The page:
North, South Korea set date for face-to-face talks between Kim Jong-un and Moon Jae-in

The summit between Kim Jong-un and Moon Jae-in will be the most important event in the political life of both countries. The summit comes on 27 April, after months of bitter dispute between the peninsula states over the former’s refusal to abandon nuclear testing in the face of UN sanctions.

High-level officials from North and South Korea agreed to the date during talks at the border village of Panmunjon on Thursday amid a global diplomatic push to resolve the standoff. Kim Jong-un’s recent visit to China made his international debut as wise negotiator whose reasonable decision is able to improve the political climate not only on the peninsula but in the world, too. The South’s delegation arrived in Panmunjom after their vehicles crossed the heavily guarded border near the southern city of Paju.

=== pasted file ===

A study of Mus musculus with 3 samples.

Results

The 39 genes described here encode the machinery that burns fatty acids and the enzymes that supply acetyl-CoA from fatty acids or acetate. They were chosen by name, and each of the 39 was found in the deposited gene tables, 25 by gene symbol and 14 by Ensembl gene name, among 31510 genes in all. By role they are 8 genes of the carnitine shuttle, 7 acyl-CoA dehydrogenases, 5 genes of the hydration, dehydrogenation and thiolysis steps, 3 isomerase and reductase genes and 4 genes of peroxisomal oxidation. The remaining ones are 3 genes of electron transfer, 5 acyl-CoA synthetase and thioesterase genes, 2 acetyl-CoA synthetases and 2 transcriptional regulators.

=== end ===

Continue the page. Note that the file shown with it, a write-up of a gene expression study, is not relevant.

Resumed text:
North Korea has yet to officially confirm its interest in a summit between Kim and Trump. In its coverage of the Kim-Xi meeting, the North’s state media didn’t carry Kim’s reported comments opening a dialogue with the United States that were carried in Chinese state media.

For both Koreas, meeting in Paju become the historical moment, last time the Korean leaders have held talks only twice since the 1950-53 Korean War, in 2000 and 2007, under previous liberal governments in Seoul.

“Over the past 80 days or so, many events that were unprecedented in inter-Korean relations took place,”

Ri Son Gwon, a leader of Pyongyang’s delegation, said.

About 70 South Korean officials and technicians flew to Pyongyang on Thursday to set up the performance equipment. The South Korean artists performing in the North will include some of the country’s most popular pop singers, including Cho Yong-pil, who performed in Pyongyang during a previous era of detente, and girl band Red Velvet.